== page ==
This research is partially funded by the ESPRIT Programme of the Commission of the European Communities under projects number 5248 (KADS-II) and 5477 (CONSTRUCT). The partners in KADS-II are Cap Gemini Innovation (F), Cap Gemini Programator (S), Netherlands Energy Research Foundation ECN (NL), Eritel SA (ESP), IBM France (F), Lloyd's Register (UK), Swedisch Institute of Computer Science (S), Siemens AG (D), Touche Ross MC (UK), University of Amsterdam (NL) and Vrije Universiteit Brussel (B). The partners in CONSTRUCT were Siscog (P), Renault (F) and Vrije Universiteit Brussel (B). This research is also financed by a ``Inter-Universitaire Attractie Pool'' on knowledge system and the IMPULS project ADIOS, both from the Belgian government.

The knowledge level has broader scope than knowledge systems alone. It can be used for characterising the behaviour of any complex system, for example of an autonomous agent, even if it is behaviour- rather than knowledge based. In addition the knowledge level can be used to describe different aspects of intelligent behaviour, like learning [41][17]. In this paper I only consider the problem solving or performance aspects.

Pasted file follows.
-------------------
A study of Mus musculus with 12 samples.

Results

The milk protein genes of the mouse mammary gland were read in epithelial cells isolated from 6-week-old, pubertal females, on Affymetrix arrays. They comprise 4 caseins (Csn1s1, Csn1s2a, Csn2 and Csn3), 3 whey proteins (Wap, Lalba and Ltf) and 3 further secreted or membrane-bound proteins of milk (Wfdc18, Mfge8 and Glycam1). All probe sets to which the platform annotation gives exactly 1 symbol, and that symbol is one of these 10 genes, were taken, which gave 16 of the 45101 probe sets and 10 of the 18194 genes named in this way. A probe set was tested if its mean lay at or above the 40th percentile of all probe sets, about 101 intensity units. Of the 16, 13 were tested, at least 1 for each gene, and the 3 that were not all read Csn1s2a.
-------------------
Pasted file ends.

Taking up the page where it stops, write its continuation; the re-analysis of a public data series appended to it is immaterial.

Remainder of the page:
An alternative to two step rationality is to model an agent as consisting of a structure of smaller agents, each one being specialised and perfectly rational in its specialisation [37]. I prefer to reserve the notion of agent for an embodied and observable being. Its application as a structuring device makes it counterintuitive to account for the dynamic configuration of knowledge in different models.

One could consider the rationalisation of configuration. Such a rationalisation would need to refer to detailed knowledge of the agent's constitution, evolution and adaptation over time, and details of the embedding and the interaction with the environment. This may be possible but would need to refer to details of the agent's physical embedding and adaptation to the world. This does not seem very practical and uncompatible with a black-box treatment of the agent. Much of this knowledge should therefore be considered tacit, i.e., implicit in the structure and interaction of the agent-environment system.

The action of hitting a nail with a hammer can be assumed to entail that the nail is deeper in the wood, that the nail is deeper in the wood with some probability, or that a loud sound has been produced. The 'effect' of the action simply depends on what assumption the agent makes about it.